This blog is intended for people who are series about becoming a programmer, or games programmer. If this isn't you, and you just want to create a simple game for yourself or your mates, then there are game-frameworks that you can use. Some of these allow you to just drag-and-drop stuff around, and get a simple game running, initially requiring limited programming knowledge.

Are game-frameworks (game-engines) suitable for someone who is serious about becoming a games programmer? There are a lot of discussions, and disputes, about this on the internet. This is not something that I am qualified to comment on. Still, this is my, opinionated, blog, and I will stick to my guns: You must understand the fundamentals of programming first, even if you later decide to work with a game engine.




By understand the fundamentals I don't just mean "read a page about each topic". I mean study each topic, work through examples; repeat until you have a good understanding of the topic. Then move on to the next topic, adding to what you've just learnt. Without this essential knowledge you will make limited progress, you will become frustrated and your chances of throwing in the towel are high.

Programmers' opinions about what is considered essential knowledge differ. My following list is a rough guide, an attempt at the bare minimum* that must be understood.

  • Using variables and arrays
  • Data-types - what kind of values can we store?
  • Operators - arithmetic, logical, all of them!
  • If-statement (branching)
  • Switch-statement (or equivalent, branching)
  • Looping statements (for, while, foreach)
  • Using built-in functions
  • Manipulating strings - concatenating, examining (parsing)
  • Simple input and output, typically using a Console
  • Creating functions with parameters
  • Simple File I/O - reading and writing to a text-file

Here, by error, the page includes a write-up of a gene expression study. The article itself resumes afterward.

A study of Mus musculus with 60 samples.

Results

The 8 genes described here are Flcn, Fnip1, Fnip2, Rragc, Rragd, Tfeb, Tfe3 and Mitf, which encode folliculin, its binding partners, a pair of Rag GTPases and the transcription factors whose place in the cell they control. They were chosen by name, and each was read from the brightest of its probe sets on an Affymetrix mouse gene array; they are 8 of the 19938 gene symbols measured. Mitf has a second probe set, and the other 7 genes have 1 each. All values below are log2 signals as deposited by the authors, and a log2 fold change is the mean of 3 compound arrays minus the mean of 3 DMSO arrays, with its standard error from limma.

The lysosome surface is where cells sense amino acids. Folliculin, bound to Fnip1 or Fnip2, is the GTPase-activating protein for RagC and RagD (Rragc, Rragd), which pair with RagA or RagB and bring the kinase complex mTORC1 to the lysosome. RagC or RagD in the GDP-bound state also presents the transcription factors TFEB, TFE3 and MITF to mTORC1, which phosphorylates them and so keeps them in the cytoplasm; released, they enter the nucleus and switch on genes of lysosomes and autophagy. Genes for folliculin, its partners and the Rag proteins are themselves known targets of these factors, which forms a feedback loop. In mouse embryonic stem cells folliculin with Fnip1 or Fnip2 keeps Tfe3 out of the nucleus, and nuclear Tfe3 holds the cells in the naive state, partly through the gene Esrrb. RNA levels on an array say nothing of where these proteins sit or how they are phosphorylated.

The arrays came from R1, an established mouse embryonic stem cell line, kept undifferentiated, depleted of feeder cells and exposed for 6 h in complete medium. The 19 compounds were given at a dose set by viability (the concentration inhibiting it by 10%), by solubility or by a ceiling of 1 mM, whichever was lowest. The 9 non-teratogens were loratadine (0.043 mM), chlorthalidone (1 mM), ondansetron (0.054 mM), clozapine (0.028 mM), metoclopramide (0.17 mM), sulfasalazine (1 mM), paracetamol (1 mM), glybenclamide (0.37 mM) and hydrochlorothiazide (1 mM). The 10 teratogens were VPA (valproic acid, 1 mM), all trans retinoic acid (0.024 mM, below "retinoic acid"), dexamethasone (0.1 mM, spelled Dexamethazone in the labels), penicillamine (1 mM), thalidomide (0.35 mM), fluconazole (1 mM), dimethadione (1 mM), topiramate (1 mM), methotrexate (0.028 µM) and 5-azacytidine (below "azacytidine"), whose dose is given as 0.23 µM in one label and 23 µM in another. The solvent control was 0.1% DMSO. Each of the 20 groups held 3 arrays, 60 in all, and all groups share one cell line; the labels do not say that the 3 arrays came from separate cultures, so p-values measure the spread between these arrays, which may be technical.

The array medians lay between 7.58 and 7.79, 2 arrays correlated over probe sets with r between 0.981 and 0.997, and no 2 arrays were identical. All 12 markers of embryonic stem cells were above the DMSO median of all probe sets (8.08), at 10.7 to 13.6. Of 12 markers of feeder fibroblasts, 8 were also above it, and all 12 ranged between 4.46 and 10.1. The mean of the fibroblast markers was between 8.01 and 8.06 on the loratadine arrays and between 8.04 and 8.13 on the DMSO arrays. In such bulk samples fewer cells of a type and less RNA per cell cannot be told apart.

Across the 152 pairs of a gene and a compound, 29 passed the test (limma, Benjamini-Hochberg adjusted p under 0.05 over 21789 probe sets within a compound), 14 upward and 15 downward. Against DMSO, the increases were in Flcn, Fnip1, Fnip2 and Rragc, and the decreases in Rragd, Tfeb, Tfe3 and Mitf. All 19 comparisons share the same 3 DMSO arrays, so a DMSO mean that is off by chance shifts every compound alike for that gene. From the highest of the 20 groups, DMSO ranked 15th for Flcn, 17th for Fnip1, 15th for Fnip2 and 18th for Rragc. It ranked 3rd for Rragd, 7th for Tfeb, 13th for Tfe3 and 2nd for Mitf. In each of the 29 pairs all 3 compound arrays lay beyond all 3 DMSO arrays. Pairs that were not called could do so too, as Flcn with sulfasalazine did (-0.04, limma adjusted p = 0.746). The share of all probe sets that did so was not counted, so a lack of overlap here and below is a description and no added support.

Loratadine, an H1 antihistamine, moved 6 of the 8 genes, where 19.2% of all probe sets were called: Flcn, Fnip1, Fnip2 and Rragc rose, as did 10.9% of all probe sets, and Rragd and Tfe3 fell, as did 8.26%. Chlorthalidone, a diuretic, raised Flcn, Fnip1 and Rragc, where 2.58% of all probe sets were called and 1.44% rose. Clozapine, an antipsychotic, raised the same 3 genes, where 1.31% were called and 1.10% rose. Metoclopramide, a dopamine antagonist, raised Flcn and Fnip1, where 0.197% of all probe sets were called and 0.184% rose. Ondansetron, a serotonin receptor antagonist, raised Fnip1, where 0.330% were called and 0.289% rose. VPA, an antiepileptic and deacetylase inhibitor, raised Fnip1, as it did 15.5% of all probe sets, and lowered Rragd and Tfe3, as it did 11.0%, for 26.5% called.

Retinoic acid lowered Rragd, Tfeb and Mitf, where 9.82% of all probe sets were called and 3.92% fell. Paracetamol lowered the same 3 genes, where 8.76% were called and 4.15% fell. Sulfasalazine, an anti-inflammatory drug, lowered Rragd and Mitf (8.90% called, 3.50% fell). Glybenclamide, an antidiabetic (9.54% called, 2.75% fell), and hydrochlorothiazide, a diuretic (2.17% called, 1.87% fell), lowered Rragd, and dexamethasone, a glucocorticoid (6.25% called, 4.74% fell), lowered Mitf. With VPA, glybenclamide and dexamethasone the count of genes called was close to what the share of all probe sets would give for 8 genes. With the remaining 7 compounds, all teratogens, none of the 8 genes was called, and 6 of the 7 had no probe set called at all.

• Debugging your code

* Does 'Exception Handling' belong on this bare-minimum list? Probably. It is certainly next in line for consideration.

This list could easily be doubled so I will repeat that it is a rough guide. In fact, I much prefer to say this: pick up a good beginner's book and work through it from cover-to-cover, working through ALL of its examples.

But most languages are OOP (object-oriented programming) languages. The big three are: Java, C++, C#. Want to build an Android app? That's Java. That's OOP.

So we must add to the above list:

  • Understand what a class is, and what an object is
  • Define a class
  • Create constructors
  • Use fields
  • Define properties and methods
  • Create instances of this class

Is the above-listed enough to start building your killer game or application? No. It is enough so that you could start to build small projects/applications, but only as a means to continue your education and put your current knowledge to the test.

The second list above is the beginning of your OOP education. You need to add to this: abstraction, encapsulation, polymorphism, inheritance. The great game (or application) that you will eventually build needs a class hierarchy: Game, Player, Missiles, Walls, etc..

Have I put you off? Have you read this far? It's up to you of course, but you cannot short-circuit, and must not ignore, the fundamentals. More positively though, with the fundamentals in your toolkit, you are in a good position should you decide to switch languages, or work with different frameworks.

3 Comments On This Entry


13 September 2014 - 08:46 AM
Great stuff. Agree entirely.

If you're in school, doing a course in compilers will give you a great boost in this sort of thinking, and I absolutely recommend that you take such a course if at all possible. Seeing how one language implements OOP, for example, will give you some basis for curiosity about other languages. (Compare Java's implementation of OOP to Javascript's, for example!)

16 September 2014 - 02:32 AM
Fairly new to coding myself, but how will mastery of all of these in java work with other languages? Do they all - at their core - work the same?

16 September 2014 - 04:47 AM

Quote

Do they all - at their core - work the same?

Yes :)

Programming fundamentals are the same regardless of the language. They all boil down to machine-code: storing values, checking values, jumping to locations.

Once you have mastered one language, a second language is easier to pick up, especially if they are similar languages, such as Java and C#. Even if the language is quite different, such as Python, or even a functional, rather than OOP, language, you will not be starting from scratch.